This Day in History: January 1st- Betsy
This Day In History: January 1, 1752
In the summer of 1776, the story goes that General George Washington paid a visit to a newly widowed seamstress regarding the design for their new nation’s flag. A basic lay-out using six-pointed stars had already been devised by the Continental Congress, but the seamstress supposedly pointed out that using five-pointed stars would be more efficient, as they could be folded and cut with a single snip. This woman’s name was Betsy Ross, and, while there is some controversy about it, she has gone down in history as the creator of the first American flag.
Betsy Ross was born as Elizabeth Griscom on January 1, 1752 in Philadelphia, PA to a family of Quakers. As a young girl, she was apprenticed to an upholsterer where she learned the valuable skills of sewing chair covers, mattresses, and window blinds. She fell in love with a fellow apprentice, John Ross. Since Ross was not a Quaker, they had to elope, and Betsy was shunned by her family and community.
The couple started their own upholstery business, but the Revolutionary War was revving up and John left to join the Pennsylvania Militia. He was killed in an accidental ammunition explosion and died in January of 1776. Betsy got married again in June of 1777 to a ship’s captain, Joseph Ashburn. He was taken prisoner by the British and died in England’s notorious Old Mill Prison in March of 1782. Thirty-year-old Betsy was now a two-time war widow.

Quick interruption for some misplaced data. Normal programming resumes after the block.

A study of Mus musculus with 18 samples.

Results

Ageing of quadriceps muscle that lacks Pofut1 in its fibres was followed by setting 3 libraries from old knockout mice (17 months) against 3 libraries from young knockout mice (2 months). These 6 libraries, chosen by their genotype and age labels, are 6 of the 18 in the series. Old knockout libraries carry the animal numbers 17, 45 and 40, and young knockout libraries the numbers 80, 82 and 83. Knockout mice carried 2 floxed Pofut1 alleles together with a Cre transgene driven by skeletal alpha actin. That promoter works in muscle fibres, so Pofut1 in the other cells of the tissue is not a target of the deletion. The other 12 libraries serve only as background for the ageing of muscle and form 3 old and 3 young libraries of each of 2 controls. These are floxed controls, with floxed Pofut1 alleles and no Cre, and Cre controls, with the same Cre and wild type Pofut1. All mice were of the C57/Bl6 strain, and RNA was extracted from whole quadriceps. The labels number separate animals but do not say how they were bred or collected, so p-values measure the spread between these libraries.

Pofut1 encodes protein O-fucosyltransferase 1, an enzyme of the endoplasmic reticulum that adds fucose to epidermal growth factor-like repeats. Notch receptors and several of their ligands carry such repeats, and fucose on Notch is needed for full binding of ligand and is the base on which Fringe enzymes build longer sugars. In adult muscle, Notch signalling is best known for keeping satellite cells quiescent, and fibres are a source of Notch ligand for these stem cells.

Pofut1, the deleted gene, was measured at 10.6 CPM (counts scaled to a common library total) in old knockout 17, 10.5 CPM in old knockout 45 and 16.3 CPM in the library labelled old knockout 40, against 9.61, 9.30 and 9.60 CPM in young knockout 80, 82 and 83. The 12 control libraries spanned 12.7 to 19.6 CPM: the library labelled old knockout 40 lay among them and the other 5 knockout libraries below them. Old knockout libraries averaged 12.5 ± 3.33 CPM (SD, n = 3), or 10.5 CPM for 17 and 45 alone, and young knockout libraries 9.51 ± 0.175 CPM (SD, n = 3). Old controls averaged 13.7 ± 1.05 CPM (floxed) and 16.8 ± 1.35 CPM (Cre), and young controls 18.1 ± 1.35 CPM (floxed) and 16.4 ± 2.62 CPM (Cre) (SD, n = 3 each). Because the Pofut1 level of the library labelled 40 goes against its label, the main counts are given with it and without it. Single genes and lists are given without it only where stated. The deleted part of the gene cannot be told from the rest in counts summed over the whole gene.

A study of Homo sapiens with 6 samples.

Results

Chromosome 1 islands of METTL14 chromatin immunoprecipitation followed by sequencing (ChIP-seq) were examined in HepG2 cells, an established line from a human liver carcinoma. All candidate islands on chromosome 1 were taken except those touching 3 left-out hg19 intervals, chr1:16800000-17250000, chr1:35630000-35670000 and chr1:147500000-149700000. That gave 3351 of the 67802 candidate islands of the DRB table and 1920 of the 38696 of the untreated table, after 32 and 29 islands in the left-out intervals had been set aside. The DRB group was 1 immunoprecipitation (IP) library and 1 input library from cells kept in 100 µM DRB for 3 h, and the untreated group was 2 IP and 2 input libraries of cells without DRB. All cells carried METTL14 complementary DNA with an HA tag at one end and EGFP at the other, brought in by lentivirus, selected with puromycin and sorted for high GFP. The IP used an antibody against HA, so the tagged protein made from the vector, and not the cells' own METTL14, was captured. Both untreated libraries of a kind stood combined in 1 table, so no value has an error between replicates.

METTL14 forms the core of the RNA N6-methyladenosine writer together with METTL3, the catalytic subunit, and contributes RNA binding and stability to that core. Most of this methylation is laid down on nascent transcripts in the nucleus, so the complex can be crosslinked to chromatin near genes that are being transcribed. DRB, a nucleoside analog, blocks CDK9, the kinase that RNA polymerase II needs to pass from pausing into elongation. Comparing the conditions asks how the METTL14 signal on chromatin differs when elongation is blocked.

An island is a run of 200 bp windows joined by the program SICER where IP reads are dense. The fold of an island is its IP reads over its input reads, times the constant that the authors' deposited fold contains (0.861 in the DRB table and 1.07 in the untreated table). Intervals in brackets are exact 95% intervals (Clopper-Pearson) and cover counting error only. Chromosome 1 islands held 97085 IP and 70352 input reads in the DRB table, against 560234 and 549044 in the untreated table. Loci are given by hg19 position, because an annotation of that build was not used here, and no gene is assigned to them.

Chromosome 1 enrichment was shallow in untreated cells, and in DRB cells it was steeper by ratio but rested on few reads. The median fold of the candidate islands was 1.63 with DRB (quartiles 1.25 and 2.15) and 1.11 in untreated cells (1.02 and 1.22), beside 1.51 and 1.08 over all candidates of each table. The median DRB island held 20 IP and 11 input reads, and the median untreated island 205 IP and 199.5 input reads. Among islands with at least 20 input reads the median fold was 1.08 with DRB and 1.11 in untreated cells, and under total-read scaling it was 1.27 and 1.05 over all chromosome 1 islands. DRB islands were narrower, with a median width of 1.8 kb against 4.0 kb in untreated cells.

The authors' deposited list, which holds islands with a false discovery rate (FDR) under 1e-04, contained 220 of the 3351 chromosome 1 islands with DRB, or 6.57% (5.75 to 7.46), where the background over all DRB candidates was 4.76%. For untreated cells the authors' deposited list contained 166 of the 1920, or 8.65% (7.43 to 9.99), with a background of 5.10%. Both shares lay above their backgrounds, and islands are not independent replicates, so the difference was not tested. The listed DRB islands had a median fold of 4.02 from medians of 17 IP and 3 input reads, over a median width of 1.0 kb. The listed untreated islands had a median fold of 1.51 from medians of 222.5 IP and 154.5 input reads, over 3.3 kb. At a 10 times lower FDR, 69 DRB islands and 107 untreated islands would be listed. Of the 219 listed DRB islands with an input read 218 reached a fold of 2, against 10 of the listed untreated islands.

Betsy learned of her second husband’s fate from an old friend, John Claypoole, who was also imprisoned at Old Mill. They eventually married, and lived together happily until John’s death in 1817. Betsy never married again, and died on January 30, 1836 at the age of 84.
As mentioned, there has been some controversy as to whether Betsy Ross was truly the creator of the American flag, because at the time the flag wasn’t revered like it is now, so no-one bothered to well-document the occasion. (A similar thing happened with the original Declaration of Independence, and even some of the signers got the date wrong later- nobody signed it on July 4th.) The only evidence that it was Betsy who created the first flag is the story that Betsy herself passed down to her children and grandchildren, who in turn shared with others.
It began in March of 1870, when Betsy’s grandson William Canby delivered a paper to the Pennsylvania Historical Society in which he proudly described his grandmother’s contribution to American history. Naysayers pointed out he was only 11 when Betsy passed away and that his recollections were likely flawed. To address that challenge, Betsy’s children came forward and signed sworn affidavits supporting his story and recollection of what Betsy had said.
Beyond the story, although there were no first person accounts, all of the men involved were known to Mrs. Ross. Colonel George Ross was her recently deceased husband’s uncle. Congressman Robert Morris and General George Washington were both members of the congregation of Christ Church, as was Betsy. In addition, Washington had employed her before. So Betsy being chosen for this particular job was not unlikely.
In the end, this and other bits of circumstantial evidence do seem to back up the claim that Betsy Ross created the first American flag, but barring better documentation, we’ll never be able to know for sure.